Permits and Visas for Work in China
Page updated as of July 2019.
As of July 2017, a clear criminal background check and documents authenticated by the Chinese Embassy must be provided to apply for a work permit in the People's Republic of China. Here's a guide to get you through this process so you can start your new teaching job in China sooner rather than later!
*New rule as of November 2018* - The background check that you get must have a signature from the issuing agency on it.
Step 1: Get your background check for China
You can obtain a background check report from a local, state, or national organization (FBI). Local and state police stations often have a turnaround time in as little as 1 day or as many as 5 business days. The turnaround time for ordering a background check from the FBI is around 2 weeks.
If you get a local or state-level background check on your own, be sure that the police station notarizes it at the time that it is run.
An FBI check is not always required, but if your employer does require it, here's some information about how to obtain an FBI background check. If you reside overseas or need to expedite your FBI background check, we suggest using this channeler service.
Teaching Nomad also offers a state-level background check that's accepted everywhere in China (aside from the places that specify that they want an FBI check), as well as full authentication services for it! This background check can be completed in just a few days, and it's easy to bundle authentication of it with your degree, TEFL, or letter of reference authentication. Click here to check out prices and order your background check.
Step 2: Get your documents authenticated
This usually means 3 documents:
- University degree
- Your background check
- A document that qualifies you to be a teacher; this will vary so you should supply what your employer is asking for. Usually, it's either a teaching license, TEFL Certificate (120 HOURS+) or a reference letter for 2+ years classroom teaching experience.
*If you do this process on your own, please note that you must get your documents authenticated in the country that issued them."
The process typically takes 3-4 weeks. This timeframe can be shorter or longer depending on whether you're getting your original documents authenticated or if you're authenticating copies of your documents.
Getting your documents authenticated is a multi-step process, so read carefully:
In the U.S., there are 3 - 5 steps for getting your documents authenticated depending on which state you're in.
1. Have your document notarized by a local notary. You might be able to get a certified copy authenticated, or you may have to get the original document authenticated, depending on the city/province that you'll be teaching in.
- If your school says certified copies are okay, we will create and notarize them for you.
- If your school says that the originals must be authenticated, then you'll need to get the registrar to write a statement on the diploma verifying that the diploma is yours, and an on-campus notary will notarize the registrar's signature on the spot.
2. *New step as of October 2018* - This step is only relevant if you're in Alabama, Georgia, Hawaii, Kentucky, Maryland, New York, and Tennessee. Documents notarized in these states must be authenticated at the county level after they're notarized. County authentication can be obtained from a circuit clerk, circuit court, county clerk, probate judge, or a superior court clerk.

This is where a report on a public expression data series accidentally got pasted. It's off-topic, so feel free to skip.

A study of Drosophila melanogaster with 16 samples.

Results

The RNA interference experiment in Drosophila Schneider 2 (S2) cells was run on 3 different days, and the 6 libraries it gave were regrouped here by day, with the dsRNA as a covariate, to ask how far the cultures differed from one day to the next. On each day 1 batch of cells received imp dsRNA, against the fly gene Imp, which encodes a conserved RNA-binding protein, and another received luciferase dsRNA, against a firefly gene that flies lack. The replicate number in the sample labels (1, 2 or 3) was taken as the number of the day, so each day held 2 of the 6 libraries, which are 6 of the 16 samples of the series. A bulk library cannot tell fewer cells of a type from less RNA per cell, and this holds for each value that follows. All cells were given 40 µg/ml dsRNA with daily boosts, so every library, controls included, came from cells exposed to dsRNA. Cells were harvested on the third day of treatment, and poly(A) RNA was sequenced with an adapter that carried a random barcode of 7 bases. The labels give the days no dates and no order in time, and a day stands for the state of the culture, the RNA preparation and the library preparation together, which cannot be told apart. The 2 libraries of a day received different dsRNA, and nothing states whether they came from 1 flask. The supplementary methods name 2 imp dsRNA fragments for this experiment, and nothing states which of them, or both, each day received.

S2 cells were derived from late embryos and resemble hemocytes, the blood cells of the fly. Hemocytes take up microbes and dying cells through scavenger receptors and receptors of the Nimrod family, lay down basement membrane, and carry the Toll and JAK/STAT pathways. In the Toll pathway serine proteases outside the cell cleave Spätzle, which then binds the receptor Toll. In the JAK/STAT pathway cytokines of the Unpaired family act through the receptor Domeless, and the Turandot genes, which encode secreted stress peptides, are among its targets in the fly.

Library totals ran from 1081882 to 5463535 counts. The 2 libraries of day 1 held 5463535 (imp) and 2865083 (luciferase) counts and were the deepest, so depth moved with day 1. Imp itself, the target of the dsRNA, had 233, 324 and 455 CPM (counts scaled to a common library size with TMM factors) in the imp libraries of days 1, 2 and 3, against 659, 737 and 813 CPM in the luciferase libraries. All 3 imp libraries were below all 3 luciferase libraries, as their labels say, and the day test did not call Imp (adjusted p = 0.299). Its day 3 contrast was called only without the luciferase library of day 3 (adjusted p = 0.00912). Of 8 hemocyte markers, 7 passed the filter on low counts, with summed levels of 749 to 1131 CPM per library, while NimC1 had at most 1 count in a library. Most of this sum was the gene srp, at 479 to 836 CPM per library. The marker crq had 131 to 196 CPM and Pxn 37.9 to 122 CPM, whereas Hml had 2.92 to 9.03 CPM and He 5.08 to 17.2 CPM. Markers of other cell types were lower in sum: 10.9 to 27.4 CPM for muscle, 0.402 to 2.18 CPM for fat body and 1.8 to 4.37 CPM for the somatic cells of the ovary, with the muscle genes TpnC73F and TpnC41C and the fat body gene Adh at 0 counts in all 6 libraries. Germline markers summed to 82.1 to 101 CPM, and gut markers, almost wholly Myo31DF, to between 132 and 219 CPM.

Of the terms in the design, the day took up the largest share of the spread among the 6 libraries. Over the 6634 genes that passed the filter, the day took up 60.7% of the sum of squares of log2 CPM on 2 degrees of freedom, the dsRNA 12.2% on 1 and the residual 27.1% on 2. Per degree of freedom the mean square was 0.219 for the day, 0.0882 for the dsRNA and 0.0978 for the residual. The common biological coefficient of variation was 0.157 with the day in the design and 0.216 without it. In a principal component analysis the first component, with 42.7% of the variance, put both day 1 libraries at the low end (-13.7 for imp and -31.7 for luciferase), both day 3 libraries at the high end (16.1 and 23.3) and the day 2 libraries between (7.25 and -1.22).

3. Get your documents certified by your local Secretary of State's office. All documents must be certified by the Secretary of State’s office in the state where the document was notarized. They will verify the notarization received in step 1 and put a seal on the notarized document.
4. This step is only relevant if you're in Washington DC, Delaware, Idaho, Kentucky, Maryland, Montana, Nebraska, North Carolina, North Dakota, South Carolina, South Dakota, Tennessee, Utah, Virginia, West Virginia, and Wyoming. Documents issued in these states must be authenticated by the U.S. Department of State after they're certified by your local Secretary of State’s office.
5. Get your documents authenticated by the proper Chinese consulate (your documents must be delivered to the consulate in person - no exceptions). After they're authenticated by the Secretary of State’s office and/or the U.S. Department of State, your documents can be authenticated by the Chinese consulate that holds consular jurisdiction over the state where the document was certified.
*Any estimated prices listed here are quotes that we've received in the past, and we cannot guarantee that these are the prices you'll pay*
Step 3: Work Permit
Now that your documents are authenticated, send scans of these documents to your employer. They will apply for your work permit which will likely take somewhere between 5-20 business days. It's important to tell them which Chinese consulate you will use to apply for your work visa, as YOU CANNOT CHANGE THIS LATER. So if you plan to use an agent, you may want to consult them at this point.
Step 4: Work Visa
Once approved, your employer will email your work permit approval to you which you can take to the consulate or to the visa agent assisting you.
If you're having difficulties with this process, be sure to contact your Teaching Nomad placement consultant, we're here to help!
If you decide to place an order for document authentication through us, Teaching Nomad will complete the entire document authentication process for you. After this, you'll be well on your way to teaching in China!